Rice arrives in Beijing for visit
US Secretary of State Condoleezza Rice arrived in Beijing Sunday afternoon, kicking off her first China trip since she took office in January.
During her stay, Rice is expected to confer with Chinese President Hu Jintao, Premier Wen Jiabao, Vice Premier Wu Yi and State Councilor Tang Jiaxuan, and hold talks with Foreign Minister Li Zhaoxing, her Chinese host.
China wishes Rice's visit "a successful tour" and hopes China and the United States to increase mutual understanding, expand consensus and reduce disputes through the visit so as to further push forward the China-US constructive and cooperative ties, Foreign Ministry Spokesman Kong Quan told press when asked to comment Rice's visit.
Relations between China and the United States have maintained sound development momentum in general, local analysts said, noting that both sides can further their relations given they can handle the relationship from a strategic and long-term perspective.
China is the last leg of Rice's eight-day, six-nation Asian trip which has already taken her to India, Pakistan, Afghanistan, Japan and the Republic of Korea.
She previously visited China in February 2002 and July 2004, respectively, as the US national security adviser.
US can hold direct talks with DPRK within six-party talks
US Secretary of State Condoleezza Rice said on Sunday that the United States can hold direct talks with the Democratic People's Republic of Korea (DPRK) within the framework of the six-party nuclear talks.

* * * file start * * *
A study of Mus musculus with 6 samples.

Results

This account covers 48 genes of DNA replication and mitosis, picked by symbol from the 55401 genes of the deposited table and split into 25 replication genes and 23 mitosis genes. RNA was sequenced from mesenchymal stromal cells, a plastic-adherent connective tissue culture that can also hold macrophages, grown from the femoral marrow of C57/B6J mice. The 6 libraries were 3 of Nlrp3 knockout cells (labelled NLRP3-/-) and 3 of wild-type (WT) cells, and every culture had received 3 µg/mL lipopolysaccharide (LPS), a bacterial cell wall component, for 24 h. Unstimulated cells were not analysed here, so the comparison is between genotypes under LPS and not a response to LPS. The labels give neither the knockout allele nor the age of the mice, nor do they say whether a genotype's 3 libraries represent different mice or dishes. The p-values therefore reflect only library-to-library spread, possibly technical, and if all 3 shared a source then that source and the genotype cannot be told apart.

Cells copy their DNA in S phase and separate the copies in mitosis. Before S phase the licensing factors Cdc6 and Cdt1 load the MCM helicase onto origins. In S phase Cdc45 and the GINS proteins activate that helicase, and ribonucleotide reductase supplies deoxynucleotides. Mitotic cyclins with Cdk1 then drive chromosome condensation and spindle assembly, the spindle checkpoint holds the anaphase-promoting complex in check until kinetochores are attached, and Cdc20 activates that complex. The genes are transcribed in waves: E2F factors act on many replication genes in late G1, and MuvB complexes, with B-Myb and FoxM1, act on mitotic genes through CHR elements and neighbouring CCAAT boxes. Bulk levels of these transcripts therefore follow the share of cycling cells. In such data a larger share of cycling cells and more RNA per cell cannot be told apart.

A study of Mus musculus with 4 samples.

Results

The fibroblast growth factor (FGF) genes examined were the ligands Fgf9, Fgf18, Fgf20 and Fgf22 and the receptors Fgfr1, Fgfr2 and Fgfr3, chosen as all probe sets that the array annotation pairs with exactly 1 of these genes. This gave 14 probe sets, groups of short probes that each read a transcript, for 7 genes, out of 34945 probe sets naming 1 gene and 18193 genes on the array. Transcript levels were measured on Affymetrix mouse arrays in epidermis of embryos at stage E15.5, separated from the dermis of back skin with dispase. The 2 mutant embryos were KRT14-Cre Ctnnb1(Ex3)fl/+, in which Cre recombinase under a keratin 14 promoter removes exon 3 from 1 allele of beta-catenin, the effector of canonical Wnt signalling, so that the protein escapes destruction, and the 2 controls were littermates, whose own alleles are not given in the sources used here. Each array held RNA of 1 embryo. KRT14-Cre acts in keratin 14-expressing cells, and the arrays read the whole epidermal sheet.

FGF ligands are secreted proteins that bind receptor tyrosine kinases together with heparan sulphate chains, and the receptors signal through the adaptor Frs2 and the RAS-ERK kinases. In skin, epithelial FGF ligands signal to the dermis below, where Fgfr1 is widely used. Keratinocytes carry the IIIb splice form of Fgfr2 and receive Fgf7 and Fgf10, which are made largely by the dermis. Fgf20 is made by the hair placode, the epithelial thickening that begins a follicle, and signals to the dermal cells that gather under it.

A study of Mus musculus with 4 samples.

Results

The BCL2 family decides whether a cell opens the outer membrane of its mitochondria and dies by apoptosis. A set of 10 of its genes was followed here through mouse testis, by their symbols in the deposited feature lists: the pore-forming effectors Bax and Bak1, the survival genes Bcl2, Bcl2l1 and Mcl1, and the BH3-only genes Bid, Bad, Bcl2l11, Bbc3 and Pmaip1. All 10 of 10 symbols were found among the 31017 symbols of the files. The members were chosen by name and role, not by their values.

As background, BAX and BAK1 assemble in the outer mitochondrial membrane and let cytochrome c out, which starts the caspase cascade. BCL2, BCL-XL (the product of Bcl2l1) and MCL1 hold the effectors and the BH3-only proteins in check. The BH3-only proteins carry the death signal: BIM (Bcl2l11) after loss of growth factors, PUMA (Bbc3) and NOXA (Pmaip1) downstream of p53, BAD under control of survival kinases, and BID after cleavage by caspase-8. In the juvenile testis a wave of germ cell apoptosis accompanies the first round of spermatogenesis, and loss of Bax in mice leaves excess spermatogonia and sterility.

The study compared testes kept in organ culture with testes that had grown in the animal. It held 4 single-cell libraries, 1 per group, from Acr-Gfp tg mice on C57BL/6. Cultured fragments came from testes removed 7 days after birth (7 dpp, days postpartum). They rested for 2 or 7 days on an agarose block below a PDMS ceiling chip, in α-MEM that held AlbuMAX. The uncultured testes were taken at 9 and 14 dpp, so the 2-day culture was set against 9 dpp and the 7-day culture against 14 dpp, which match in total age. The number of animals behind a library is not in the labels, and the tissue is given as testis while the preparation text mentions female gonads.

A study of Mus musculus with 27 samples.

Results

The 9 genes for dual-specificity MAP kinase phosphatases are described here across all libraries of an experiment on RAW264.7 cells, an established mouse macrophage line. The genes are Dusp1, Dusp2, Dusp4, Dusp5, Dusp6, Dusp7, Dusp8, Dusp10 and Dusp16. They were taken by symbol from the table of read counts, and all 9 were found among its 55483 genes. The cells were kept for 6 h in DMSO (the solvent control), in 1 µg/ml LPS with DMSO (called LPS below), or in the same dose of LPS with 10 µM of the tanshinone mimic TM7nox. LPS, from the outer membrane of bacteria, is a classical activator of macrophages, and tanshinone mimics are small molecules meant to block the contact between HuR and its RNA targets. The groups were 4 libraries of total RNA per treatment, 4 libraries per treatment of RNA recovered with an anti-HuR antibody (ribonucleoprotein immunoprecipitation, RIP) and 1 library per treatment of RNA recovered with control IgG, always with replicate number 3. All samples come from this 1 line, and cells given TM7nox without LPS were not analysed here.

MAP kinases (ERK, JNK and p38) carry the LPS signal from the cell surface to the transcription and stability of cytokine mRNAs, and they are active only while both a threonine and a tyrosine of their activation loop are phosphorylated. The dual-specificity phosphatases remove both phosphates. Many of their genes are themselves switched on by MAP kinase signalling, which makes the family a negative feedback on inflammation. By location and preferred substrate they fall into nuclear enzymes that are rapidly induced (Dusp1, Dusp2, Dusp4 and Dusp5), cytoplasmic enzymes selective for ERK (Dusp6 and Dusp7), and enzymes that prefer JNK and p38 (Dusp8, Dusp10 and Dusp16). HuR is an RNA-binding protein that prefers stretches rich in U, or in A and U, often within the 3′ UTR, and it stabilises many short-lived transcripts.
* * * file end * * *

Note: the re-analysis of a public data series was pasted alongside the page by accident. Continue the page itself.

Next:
Rice made the remarks during a joint press conference with her South Korean counterpart, Foreign Minister Ban Ki-moon after their meeting earlier in the day.
The US senior official made clear that there won't be direct US- DPRK talks outside the six-party talks, because the nuclear issue is not only between the two, but a regional one.
Rice also said six-party talks is the "best way" for the DPRK to receive "respect" it desires and "assistance" it needs.
Meanwhile, Rice and Ban both urged the DPRK to return to the six-party nuclear talks "without delay."
Before holding meeting with Ban Ki-moon, Rice also met South Korean Unification Minister and Chairman of the Standing Committee of the National Security Council Chung Dong-young and paid courtesy call on South Korean President Roh Moo-hyun.
Earlier Sunday, in a group interview by local internet outlets' journalists, Rice reiterated that Washington has no plan to attack the DPRK and urged Pyongyang to make "strategic choice" to scrap nuclear program.
The US senior official arrived in Seoul on Saturday evening for a less than-24 hour trip here.
Seoul is the fifth leg of Rice's six Asian nations tour which had already taken her to India, Afghanistan, Pakistan and Japan.